Charging at home

Charging a vehicle from your home

Depending on your mileage, you may need to charge your electric car several times a week.

If you have a driveway, this is relatively easy and you could even get a government grant to reduce the cost of installing a smart charging point at home. Although most electric vehicles come with a cable you can plug in at home to a normal 3-pin socket, a smart charging point will allow you the greatest control over your energy use with access to an agile tariff and options to charge when grid energy is 'greenest'.

If you don’t have a driveway, then East Lothian has over 100 public chargers within a short walk of most residential areas where you can charge from only 16p per kWh, similar to what many people pay for energy at home. We are happy to consider requests for new public chargers – just contact – but sometimes it just isn’t viable for us to provide public infrastructure at or near your normal overnight parking place. The following guidance outlines how you might safely charge your car if you do not have a suitable place to park off-street at home and yet still want to plug into your own electricity supply.

Your responsibilities

It is always your responsibility to ensure that your actions do not cause a danger or a nuisance to the public. You must fully consider public safety and existing legislation when plugging cables from your home power supply into your vehicle parked on the public road, and you will be liable for any claims arising if you do not do this. You may wish to speak to your vehicle insurer to confirm that your policy covers this situation.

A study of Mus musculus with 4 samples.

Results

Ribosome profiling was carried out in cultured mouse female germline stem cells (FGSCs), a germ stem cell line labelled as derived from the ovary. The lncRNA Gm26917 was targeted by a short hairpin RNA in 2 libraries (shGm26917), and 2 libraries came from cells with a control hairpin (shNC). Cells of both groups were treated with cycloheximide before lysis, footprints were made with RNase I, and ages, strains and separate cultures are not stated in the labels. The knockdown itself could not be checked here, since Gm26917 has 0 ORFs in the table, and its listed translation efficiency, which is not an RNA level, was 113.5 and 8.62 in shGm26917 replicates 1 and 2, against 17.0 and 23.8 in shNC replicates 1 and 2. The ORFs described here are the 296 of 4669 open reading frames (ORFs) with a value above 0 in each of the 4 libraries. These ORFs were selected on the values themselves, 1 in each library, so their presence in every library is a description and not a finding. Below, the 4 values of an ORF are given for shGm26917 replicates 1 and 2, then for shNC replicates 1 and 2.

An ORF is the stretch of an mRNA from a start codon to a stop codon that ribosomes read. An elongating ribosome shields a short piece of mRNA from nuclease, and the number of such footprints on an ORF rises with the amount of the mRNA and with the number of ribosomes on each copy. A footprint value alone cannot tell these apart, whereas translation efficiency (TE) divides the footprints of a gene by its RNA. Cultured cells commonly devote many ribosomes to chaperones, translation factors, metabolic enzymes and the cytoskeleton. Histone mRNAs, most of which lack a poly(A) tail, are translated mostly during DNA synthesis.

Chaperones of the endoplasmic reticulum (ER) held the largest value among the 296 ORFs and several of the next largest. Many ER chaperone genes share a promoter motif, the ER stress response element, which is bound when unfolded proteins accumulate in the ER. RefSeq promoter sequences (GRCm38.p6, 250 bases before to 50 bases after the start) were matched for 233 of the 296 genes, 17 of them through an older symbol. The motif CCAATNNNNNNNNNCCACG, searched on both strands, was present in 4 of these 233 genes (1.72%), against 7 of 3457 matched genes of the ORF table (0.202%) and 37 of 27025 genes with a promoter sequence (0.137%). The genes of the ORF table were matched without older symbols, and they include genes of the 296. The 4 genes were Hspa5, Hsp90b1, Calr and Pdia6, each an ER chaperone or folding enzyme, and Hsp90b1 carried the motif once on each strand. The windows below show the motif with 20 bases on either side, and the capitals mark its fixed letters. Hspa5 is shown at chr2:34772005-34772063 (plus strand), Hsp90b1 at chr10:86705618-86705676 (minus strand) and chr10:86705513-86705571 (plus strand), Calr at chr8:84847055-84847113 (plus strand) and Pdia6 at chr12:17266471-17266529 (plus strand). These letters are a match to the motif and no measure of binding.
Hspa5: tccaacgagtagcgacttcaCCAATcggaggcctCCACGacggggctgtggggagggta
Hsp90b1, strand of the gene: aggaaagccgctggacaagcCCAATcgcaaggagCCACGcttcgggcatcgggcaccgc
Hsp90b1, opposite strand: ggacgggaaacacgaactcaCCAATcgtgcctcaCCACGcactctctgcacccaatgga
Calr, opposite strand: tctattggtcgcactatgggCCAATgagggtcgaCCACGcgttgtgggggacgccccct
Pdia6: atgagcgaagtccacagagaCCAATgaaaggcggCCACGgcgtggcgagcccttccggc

You must follow any parking restrictions and refrain from obstructing other road users. Whenever you are charging your vehicle, you must follow all safety guidance and recommendations from the manufacturer.

You must not put yourself or others at risk when trailing a cable across a footway or an area people may cross.

You should consult a qualified electrician to ensure that the installation is safe and suitably protected e.g. in compliance with the Requirements for Electrical Installations, IET Wiring Regulations 18th Edition and The IET Code of Practice for Electric Vehicle Charging Equipment Installation, 4th Edition.

Placement of cables

Vehicles should be parked as close to the property as possible. Where a vehicle cannot be parked immediately outside the property, the cable must be run in the road against the kerb.

Cables must not cross the carriageway therefore your vehicle should always be parked on the same side of the road as your property. You may not hang a cable from any street furniture including lamposts or trees, and you must not lay them across areas with high footfall.

Any extension leads must be suitable for external use, and must be used as recommended by the manufacturer.

Cables should only be connected while the vehicle is charging and must be removed from public areas when not in use.

Cable protectors

You must use an appropriate cable protector. Cable protectors are regularly used in public spaces to cover cables or wires on a temporary basis. Your cable protector should cover the area that may be walked across by the public, your neighbours, and visitors, including the full width of any pavement and verge between the property and the vehicle. It must be non-slip, have contrasting colour markings e.g. yellow, have anti-trip sloped sides which do not form a an obstacle to people using mobility aids, and be of a tough construction suitable for outdoor use. The images on this page are for illustration purposes and so not form a recommendation.


Image of typical outdoor cable cover

Example of typical outdoor cable cover

Removal of cables

Although no permit is currently required, where a location is not suitable then the Council has powers under Section 129 of the Roads Scotland Act 1984 to seek to have the cable removed.